A tribunal decision that forced a trust to stop withholding pay from staff taking long periods of sick leave has failed to deter other organisations from pursuing similar policies, Nursing Times has learnt.

Central Manchester University Hospitals Foundation Trust was told last month by an employment tribunal its actions were unlawful. The trust had imposed rules whereby employees who were off sick four or more times a year, or for 18 or more days in total, would lose that year’s increment.

The unions that lodged the case, including Unison, Unite and the Royal College of Nursing, hailed it as a landmark ruling that would deter other trusts from attacking Agenda for Change.

But Nursing Times has found at least three trusts that are still pursuing policies under which staff members who take a certain amount of sick leave risk having increments withheld. They are Salford Royal, University Hospitals of Morecambe Bay and County Durham and Darlington foundation trusts.

Salford Royal executive director of organisational development and corporate affairs David Wood said the trust had “definitely not” frozen its policy in light of the tribunal decision.

County Durham and Darlington has also declined to immediately halt its scheme. A spokeswoman said it was “aware” of the Central Manchester ruling but would “discuss it in detail” before taking any steps.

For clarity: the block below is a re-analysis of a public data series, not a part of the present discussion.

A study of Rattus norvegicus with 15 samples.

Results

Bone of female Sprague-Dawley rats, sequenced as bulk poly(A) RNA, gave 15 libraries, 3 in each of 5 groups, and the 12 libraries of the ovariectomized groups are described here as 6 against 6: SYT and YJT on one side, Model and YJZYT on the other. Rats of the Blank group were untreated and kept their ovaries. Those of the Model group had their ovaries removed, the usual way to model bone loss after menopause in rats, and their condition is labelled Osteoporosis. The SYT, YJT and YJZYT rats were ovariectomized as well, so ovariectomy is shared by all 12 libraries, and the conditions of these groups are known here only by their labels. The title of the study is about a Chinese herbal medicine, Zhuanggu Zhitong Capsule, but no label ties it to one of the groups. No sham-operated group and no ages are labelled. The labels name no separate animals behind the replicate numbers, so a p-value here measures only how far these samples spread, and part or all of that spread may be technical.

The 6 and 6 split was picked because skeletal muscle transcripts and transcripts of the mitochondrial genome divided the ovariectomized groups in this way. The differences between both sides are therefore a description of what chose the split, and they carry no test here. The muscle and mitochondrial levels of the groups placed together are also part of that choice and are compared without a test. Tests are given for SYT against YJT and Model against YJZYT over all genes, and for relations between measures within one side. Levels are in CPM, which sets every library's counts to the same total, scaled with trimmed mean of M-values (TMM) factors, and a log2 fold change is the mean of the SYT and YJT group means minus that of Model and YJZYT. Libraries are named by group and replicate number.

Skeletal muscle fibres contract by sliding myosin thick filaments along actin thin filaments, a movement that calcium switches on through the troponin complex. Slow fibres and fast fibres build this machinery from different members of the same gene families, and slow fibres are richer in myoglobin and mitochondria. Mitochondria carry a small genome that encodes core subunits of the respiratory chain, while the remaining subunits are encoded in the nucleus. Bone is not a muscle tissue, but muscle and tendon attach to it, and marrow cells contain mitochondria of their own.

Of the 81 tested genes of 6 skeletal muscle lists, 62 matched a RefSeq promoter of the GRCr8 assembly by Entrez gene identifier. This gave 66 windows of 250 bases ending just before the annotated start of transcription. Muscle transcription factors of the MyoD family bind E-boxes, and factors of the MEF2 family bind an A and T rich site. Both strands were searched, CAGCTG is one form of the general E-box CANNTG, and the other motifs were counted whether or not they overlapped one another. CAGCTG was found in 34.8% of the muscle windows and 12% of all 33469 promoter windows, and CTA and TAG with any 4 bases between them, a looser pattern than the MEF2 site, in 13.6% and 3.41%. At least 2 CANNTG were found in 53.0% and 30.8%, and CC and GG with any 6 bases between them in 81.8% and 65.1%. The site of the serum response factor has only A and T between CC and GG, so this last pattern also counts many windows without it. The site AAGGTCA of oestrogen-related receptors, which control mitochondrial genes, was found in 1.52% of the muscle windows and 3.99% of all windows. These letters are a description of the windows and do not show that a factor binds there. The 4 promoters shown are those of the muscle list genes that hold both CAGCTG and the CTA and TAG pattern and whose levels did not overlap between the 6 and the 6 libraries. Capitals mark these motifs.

Morecambe Bay confirmed its scheme was still in place. A spokesman said it was “not exactly the same” as Central Manchester’s scheme and the trust would “consider whether any changes need to be made”, based on legal advice.

However, Unison spokeswoman insisted the tribunal had sent a “signal” to other trusts that national terms and conditions should be upheld. Union representatives were negotiating with employers in the first instance but could resort to further legal action if necessary, she said.

It is not known exactly how many other trusts are linking sickness absence to pay. But Andrew Rowland, a partner at the legal firm Capsticks, said it was “the kind of thing trusts are looking at”.

Identifying savings through the Agenda for Change framework was “very high on trusts’ agendas”, he told Nursing Times.


Readers' comments (2)

  • It's an area that needs addressing. Most of us know colleagues who take days off to extend a weekend or to recover from a hangover, while others drag themselves into work however they are feeling. I know somebody who was disciplined for taking time off to recover from chemotherapy for breast cancer. The difficulty is rooting out those who abuse the system.

    We work with vulnerable people who are often immunocompromised. Why should the hard-working majority suffer financial penalties for taking time off work when legitimately ill when otherwise we could spread our diseases to other staff and our patients?